Arozarena makes a run at Vlad Jr. in close Derby final

Rays slugger, friend García fulfill dream of participating in Derby ... vs. each other

July 11th, 2023

SEATTLE -- Whatever the outcome for Rays star Randy Arozarena in Monday’s T-Mobile Home Run Derby, you knew he was going to enjoy the bright spotlight.

“This event was made for him,” Rays left-hander Shane McClanahan said.

Clad in his lucky cowboy boots for the pre-event introduction, Arozarena switched to spikes and put on a power show, dispatching his friends and fellow Cubans Adolis García of the Rangers (24-17 in Round 1) and Luis Robert Jr. of the White Sox (35-22 in Round 2) before falling to Vladimir Guerrero Jr. in a close final, 25-23.

“I’m trying to have fun,” Arozarena said as the day began. “But I’m also concentrating on hitting a lot of home runs. I want to win.”

He succeeded on the first two fronts. With his second-round performance, Arozarena became the sixth player to have 30-plus homers in a single round of the Home Run Derby. He joined Mariners star Julio Rodríguez, who has three, including his 41-homer opening round on Monday, plus Guerrero Jr., Juan Soto, Pete Alonso and Joc Pederson.

In the final round, Guerrero went first and put up 25 home runs. Arozarena, with Rays field coordinator Tomas Francisco feeding him batting practice fastballs, put himself within striking distance with 20 homers in the initial two-minute period, but couldn’t push over the top in a 30-second bonus round, making Guerrero the champion after he finished runner-up in 2019.

The experience, Arozarena said, was “a great honor.”

“As far as my thought process, I was just trying to get into a rhythm,” he said. “Unfortunately, I wasn’t able to win the thing, but I’m proud of my performance.”

The matchups against Garcia and Robert Jr. were befitting a showman. Arozarena and García have a bond going back to their days growing up in Cuba and later in the Cardinals' Minor League system, where they were roommates during their first Spring Training. They have continued to talk or text every day as they have evolved into stars in Tampa Bay and Texas, respectively.

Robert is also from Cuba, and it was Arozarena and García who together convinced Robert to participate in the event in the first place.

And in the final round, Arozarena faced a familiar American League East rival in Guerrero Jr., who, critically, earned the full minute of bonus time by virtue of his tape-measure home runs. In the end, that time proved the difference.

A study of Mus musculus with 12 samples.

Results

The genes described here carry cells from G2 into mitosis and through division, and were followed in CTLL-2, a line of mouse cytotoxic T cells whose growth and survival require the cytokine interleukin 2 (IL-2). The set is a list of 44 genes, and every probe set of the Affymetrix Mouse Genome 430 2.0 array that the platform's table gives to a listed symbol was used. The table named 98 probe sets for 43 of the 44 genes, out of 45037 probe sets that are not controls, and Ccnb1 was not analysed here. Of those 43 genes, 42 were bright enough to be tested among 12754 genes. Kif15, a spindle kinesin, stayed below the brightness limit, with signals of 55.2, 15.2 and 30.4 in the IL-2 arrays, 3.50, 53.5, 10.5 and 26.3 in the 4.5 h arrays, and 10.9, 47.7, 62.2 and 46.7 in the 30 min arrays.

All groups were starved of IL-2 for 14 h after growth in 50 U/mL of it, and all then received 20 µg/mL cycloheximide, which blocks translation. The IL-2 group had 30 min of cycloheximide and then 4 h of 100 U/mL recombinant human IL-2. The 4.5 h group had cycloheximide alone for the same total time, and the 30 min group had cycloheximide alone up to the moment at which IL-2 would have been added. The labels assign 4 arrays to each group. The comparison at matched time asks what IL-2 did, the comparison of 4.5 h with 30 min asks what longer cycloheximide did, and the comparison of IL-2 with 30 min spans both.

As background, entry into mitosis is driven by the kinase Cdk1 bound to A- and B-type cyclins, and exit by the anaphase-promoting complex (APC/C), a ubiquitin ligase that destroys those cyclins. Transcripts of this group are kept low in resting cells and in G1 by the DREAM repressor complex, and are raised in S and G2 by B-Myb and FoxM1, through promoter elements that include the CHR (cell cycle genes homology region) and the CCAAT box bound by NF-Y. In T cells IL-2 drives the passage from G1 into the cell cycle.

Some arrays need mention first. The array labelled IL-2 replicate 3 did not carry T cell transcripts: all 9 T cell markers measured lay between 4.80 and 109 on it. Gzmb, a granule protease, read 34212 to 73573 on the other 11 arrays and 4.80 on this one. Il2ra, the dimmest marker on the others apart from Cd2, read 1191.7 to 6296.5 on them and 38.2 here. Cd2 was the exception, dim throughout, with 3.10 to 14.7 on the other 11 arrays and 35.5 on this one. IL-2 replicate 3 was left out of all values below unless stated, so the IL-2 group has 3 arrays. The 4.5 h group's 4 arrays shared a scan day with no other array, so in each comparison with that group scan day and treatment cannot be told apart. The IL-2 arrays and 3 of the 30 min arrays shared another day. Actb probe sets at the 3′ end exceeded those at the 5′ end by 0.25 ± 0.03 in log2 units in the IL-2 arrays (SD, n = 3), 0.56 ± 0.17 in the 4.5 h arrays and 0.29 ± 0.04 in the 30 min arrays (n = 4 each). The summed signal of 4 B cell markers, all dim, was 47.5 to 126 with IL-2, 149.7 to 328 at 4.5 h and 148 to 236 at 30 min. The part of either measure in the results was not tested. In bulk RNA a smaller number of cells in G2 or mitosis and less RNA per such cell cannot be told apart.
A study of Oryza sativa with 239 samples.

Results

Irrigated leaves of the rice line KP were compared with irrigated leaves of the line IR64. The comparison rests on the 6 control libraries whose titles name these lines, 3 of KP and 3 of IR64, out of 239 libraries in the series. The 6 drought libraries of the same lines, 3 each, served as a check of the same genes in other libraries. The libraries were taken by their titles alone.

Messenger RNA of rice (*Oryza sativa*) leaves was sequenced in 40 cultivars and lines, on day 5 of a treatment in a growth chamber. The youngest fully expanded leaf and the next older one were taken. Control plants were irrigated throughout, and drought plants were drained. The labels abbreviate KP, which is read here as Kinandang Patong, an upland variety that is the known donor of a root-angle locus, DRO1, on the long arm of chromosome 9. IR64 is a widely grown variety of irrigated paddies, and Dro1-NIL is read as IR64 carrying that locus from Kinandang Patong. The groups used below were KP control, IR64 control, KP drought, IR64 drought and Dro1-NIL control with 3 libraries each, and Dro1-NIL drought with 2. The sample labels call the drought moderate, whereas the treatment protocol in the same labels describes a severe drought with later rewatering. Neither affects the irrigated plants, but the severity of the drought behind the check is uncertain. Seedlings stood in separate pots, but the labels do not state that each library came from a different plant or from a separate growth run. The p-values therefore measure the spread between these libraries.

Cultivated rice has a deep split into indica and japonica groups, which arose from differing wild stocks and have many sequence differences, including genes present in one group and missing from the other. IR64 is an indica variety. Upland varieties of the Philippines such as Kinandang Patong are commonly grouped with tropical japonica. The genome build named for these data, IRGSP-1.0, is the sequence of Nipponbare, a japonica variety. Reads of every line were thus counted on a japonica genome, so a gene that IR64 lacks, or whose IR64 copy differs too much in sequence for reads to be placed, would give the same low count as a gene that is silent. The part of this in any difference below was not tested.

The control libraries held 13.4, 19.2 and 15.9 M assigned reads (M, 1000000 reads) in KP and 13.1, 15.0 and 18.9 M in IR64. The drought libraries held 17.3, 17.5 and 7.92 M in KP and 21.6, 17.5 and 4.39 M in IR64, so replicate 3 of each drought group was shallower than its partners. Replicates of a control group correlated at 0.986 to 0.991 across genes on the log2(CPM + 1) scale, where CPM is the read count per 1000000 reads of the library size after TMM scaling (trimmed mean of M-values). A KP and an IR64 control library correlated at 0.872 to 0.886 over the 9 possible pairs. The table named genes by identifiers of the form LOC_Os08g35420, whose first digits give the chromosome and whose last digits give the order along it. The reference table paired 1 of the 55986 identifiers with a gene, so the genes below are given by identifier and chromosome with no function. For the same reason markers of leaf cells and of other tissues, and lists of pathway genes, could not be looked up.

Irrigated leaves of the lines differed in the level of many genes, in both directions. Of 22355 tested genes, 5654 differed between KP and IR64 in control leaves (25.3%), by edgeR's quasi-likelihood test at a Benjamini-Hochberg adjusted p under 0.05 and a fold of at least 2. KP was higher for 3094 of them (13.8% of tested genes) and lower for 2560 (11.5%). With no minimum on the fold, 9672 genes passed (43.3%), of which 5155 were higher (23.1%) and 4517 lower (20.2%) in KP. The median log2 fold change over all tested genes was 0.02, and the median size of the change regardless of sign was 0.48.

“Going against those three guys, I’m a little bit skinnier than those guys,” Arozarena said. “I tend to go against the grain.

“But it was a lot of fun being able to go up against them and compete against them.”

No matchup meant more than Arozarena versus García, boyhood friends who remain as close as brothers, so much so that Arozarena named García the godfather to his daughter. The two still talk every day, according to García. For years, Arozarena said, they have talked about someday participating in a Home Run Derby, never considering that they might find themselves matched up in the event.

After years together with the Cardinals, they went their separate ways beginning in December 2019 when St. Louis designated García for assignment and traded him to the Rangers, but he was DFA’d again the following winter, by which time Arozarena had become a star.

The Cardinals traded Arozarena to Tampa Bay in January 2020, and he blossomed that year, winning 2020 ALCS MVP honors amid a remarkable, 10-homer postseason. By 2021, García emerged as an All-Star, and both players were thriving.

“We did talk about one day sharing the field in an All-Star Game,” Arozarena said. “When it comes to the Home Run Derby, hopefully I beat him.”

Said García: "I think whoever wins between the two of us, wins the Derby."

Those words were nearly prophetic.

“Adolis, I told him I was going to beat him in that first round. He’s a great friend of mine, but I told him I was going to beat him. To be able to do that and move on to the second round was something really cool.”

Upon elimination, García joined his friend’s support group. At times during the event, he held his goddaughter in his arms.

“It’s a healthy relationship,” Arozarena said. “First as friends and then as players growing up with the Cardinals, we played the same position, and it was always healthy. We gave each other advice. We dreamed of one day doing what we’re doing today and tomorrow.”